Well-executed audit planning sets the tone for an audit — an audit is more likely to be effective for all parties involved if time is taken to plan it correctly. Uplevel your next audit with a downloadable audit planning checklist, critical risk areas to consider including in your audit plan, and top metrics to track in your audits.
Audit planning is an essential — but sometimes overlooked — part of the audit process where internal audit’s preparation can put an audit project on a track toward success. The work of effective audit planning can not only lead to more efficient execution, but also to smoother interactions with key stakeholders, the ability to track meaningful Key Performance Metrics throughout an engagement, and more effective risk management techniques.
We’ve collected three top audit planning resources from our Audit Management Playbook to help you optimize your next audit plan — and you can download the full Audit Management Playbook below to learn everything you need to manage your audit program.
Planning an Audit from Scratch
Sometimes, audit teams have neither the knowledge nor the subject matter expertise needed to provide assurance for areas that have never been audited before. Unfortunately, these areas often include processes that support an organization’s strategy and key objectives. In such scenarios, auditors may initially approach the project by Googling “how to audit XYZ” or “XYZ audit program,” but the resulting project scope often amounts to testing several controls, highlighting exceptions in the audit report, then moving on to the next audit. Recommendations might consist of “Internal Audit recommends following the policy and procedure…” but will rarely provide any actionable insight to create positive change.
This approach not only fails the audit customer, but also harms internal audit’s performance and reputation.
Auditors who create and document custom audit programs from scratch, versus relying on checklists or template audit programs found on Google, are better equipped to perform audits over areas that are not routinely audited. And, when internal audit can spend more of its time and resources aligned with the organization’s strategy and key objectives, the benefits can — and do — multiply.
Download the Planning an Audit From Scratch Checklist to get started auditing new and important areas of the business.
5 Critical Risk Areas to Include in Your Audit Plan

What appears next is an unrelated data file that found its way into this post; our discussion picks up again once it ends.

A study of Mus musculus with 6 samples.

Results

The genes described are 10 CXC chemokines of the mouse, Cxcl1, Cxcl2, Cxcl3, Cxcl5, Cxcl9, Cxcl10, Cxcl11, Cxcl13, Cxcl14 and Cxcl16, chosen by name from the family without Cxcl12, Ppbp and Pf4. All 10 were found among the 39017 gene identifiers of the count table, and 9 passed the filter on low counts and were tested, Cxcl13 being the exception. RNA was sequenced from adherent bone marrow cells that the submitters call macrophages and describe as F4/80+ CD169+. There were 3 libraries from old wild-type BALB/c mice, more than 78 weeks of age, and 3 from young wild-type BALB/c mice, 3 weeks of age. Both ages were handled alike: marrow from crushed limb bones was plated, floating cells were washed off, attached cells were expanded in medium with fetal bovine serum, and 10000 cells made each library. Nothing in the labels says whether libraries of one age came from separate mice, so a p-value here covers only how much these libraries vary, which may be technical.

A well-rounded audit plan will not only meet Sarbanes-Oxley (SOX) or other compliance requirements, but will also reflect an enterprise-wide scope and coverage of risks. Internal audit has a key role to play in identifying areas that need attention and safeguarding strategic assets by mitigating potential future risks. The more comprehensive coverage an audit plan can provide across different categories, the more internal audit will position themselves as a partner adding value to the organization.
Download our 5 Critical Risk Areas to Include in Your Audit Plan with important risk areas and recommended audit projects for each category.
Track Key Metrics in Your Audits and Audit Plan
As internal audit faces perennial pressure to cut costs, it is ever important for the department to prove its value as a contributor to business goals. Performance metrics communicate the effectiveness of internal audit activities and their alignment with organizational objectives.
What sets good metrics apart from the rest?
Key performance indicators (KPIs) are quantifiable measurements that demonstrate the effectiveness of an individual, department, or organization in achieving key goals. Clearly defining goals and tracking meaningful KPIs provide valuable evidence demonstrating that internal audit’s activities support the organization’s strategic objectives.
Learn which metrics you should track as you plan, perform, and report on your next audit project with the checklist of Top Metrics to Track in Your Audits.
Looking for more resources to take your internal audit team to the next level in 2020? Download the full Audit Management Playbook below and get more best practices, checklists, and tools for each stage of the audit lifecycle — planning, fieldwork, reporting, issue management, and scaling audit practices.